May 18th, 2003 | Published in Uncategorized
“The bottom line: In the age of the Web, the practice of charging for access to digital archives is a collossal anachronism. It’s time for The New York Times and the other papers to step forward, join the real world and correct the problem. Expose the archives. Give them permanent URLs. Let in the bots. Let their writers, and their reputations, accept the credit they are constantly given and truly deserve.”
That’s a fine call to make (and substantially more generous toward the NYT/print media in general than the “burn it all down” school of blogger).
A re-read of Orlowski’s piece, though, inidcates that he was saying a little more than “the NYT is inadequately linked.” He maintained that the original use of the phrase “second superpower” was propagating through the Web (and Google’s index) until it was picked up and repurposed by a blogger, who, Orlowski maintained, was arguing a neutered, so-apolitical-it’s-political-again variant. In other words, the idea had become bigger than the original presentation then it was pushed out by the repurposed meme (I don’t want to call this an instance of “blog noise” because it’s different from this page turning up in Google searches for Tolkien’s Beowulf manuscript.)
No conclusion because I’m in and out too much today, but iIt looks like Doc’s post is getting a lot of approving links from here and there, which I’ll recap later Technorati has rounded up (I guess . . . I don’t have much opinion on it, even if other people seem to think it works).
Dave Winer also has something along the same lines, which manages to blithely walk past the point of the whole thing even after walking up and acknowledging it:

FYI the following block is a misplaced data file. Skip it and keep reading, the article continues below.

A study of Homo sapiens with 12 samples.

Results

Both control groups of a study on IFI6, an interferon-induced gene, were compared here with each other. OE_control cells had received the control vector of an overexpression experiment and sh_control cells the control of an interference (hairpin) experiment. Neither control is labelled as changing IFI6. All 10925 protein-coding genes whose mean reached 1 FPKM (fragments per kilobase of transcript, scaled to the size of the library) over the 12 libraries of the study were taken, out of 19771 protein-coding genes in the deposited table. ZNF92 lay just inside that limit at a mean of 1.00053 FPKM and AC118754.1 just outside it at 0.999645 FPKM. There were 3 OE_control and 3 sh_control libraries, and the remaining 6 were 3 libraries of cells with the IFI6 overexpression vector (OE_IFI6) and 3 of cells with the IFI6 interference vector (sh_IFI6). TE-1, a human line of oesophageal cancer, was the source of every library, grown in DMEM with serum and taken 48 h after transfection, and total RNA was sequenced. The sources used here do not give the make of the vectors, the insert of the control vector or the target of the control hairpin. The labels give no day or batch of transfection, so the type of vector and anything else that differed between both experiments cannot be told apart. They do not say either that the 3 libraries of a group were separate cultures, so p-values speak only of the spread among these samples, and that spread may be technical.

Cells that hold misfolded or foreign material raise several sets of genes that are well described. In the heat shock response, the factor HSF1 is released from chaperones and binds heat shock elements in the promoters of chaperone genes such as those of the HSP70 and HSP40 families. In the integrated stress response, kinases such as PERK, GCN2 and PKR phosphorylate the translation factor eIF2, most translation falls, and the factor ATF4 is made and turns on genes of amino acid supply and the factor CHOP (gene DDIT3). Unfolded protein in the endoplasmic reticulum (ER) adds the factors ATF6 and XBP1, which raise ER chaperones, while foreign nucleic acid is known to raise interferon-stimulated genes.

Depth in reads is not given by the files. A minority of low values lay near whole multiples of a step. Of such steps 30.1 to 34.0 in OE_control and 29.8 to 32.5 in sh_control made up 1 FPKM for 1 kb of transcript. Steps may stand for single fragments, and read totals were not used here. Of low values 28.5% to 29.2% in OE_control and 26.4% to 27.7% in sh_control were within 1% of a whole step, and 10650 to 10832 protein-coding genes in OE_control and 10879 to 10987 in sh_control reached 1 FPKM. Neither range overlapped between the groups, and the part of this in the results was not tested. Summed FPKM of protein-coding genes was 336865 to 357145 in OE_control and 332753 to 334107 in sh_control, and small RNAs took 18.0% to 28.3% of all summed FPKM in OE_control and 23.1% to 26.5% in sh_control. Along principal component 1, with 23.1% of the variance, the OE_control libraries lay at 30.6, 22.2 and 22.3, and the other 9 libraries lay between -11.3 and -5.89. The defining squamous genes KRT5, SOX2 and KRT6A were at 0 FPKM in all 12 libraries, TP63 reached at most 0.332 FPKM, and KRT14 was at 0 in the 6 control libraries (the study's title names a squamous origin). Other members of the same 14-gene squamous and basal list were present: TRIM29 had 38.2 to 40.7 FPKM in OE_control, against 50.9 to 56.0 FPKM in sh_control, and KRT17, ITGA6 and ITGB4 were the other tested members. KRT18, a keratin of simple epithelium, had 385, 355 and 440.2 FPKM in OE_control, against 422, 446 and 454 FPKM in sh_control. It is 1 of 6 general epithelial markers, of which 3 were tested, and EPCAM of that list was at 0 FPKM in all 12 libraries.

“Somehow, in a perfect world, Orlowski reasoned, Google would remember not only that the Times had used the term first, but that somehow the Times is more important than weblogs.”
Orlowski doesn’t talk about privileging, as Winer mistakenly (or simply falsely) asserts, the New York Times over blogs. He talks about blogs pushing out an idea in favor of another with the same label, and he says that’s bad for reasons of his own we can decide on for ourselves. (Tuttle SVC says it’s ok that the thing happened the way it did, in fact.)
There are numerous unfairly simplistic interpretations of Orlowski’s argument cirulating on the Web, including accusations of conspiracy theorizing and the like. Some of his language troubles me, because it implies deliberate acts instead of the natural tide and shift of the Web vis a vis how Google reports it to us. The “big point,” though, is that even Winer says, referring to A-list bloggers such as himself:
“Google gives us considerable power, because of our longevity and regularity and incoming and outgoing pointers. Popular weblogs can confer a lot of page-rank, and that’s a good thing, imho.”
It can’t get much plainer than that, and it’s pretty apparently true if my own referrer logs are any indication. This strikes back at what I was saying about taking a media literacy approach to weblogs: understanding how and why they present the content they do helps us evaluate what they’re telling us and how we should treat what they point at. Knowing that they have “considerable power” should put us on notice that there’s a potential for a monocultural (incestuous, implies Danny Ayers) trend in what we see coming across the Google results. No, not all bloggers are alike, but Andrew’s original piece did a useful job of tracing the social ties that bind some prominent bloggers, and lends credence to the idea that there are somewhat like-minded nexuses of “Google power.”
Armed with a more informed understanding of how blogs/bloggers tick and why they produce the media they do, and how they have a healthy chunk of Google’s attention, we’ll become able to contextualize them (and Google’s usefulness) in our overall information diet. This isn’t, to my mind, about de-privileging blogs (I wouldn’t be working with PAIJ if I wanted that) . . . it’s about understanding them and the effect they have on their media surroundings, then incorporating them into the much broader mission of seeking the truth, which is something grander and harder to nail down than all the words and facts to which Google can direct us.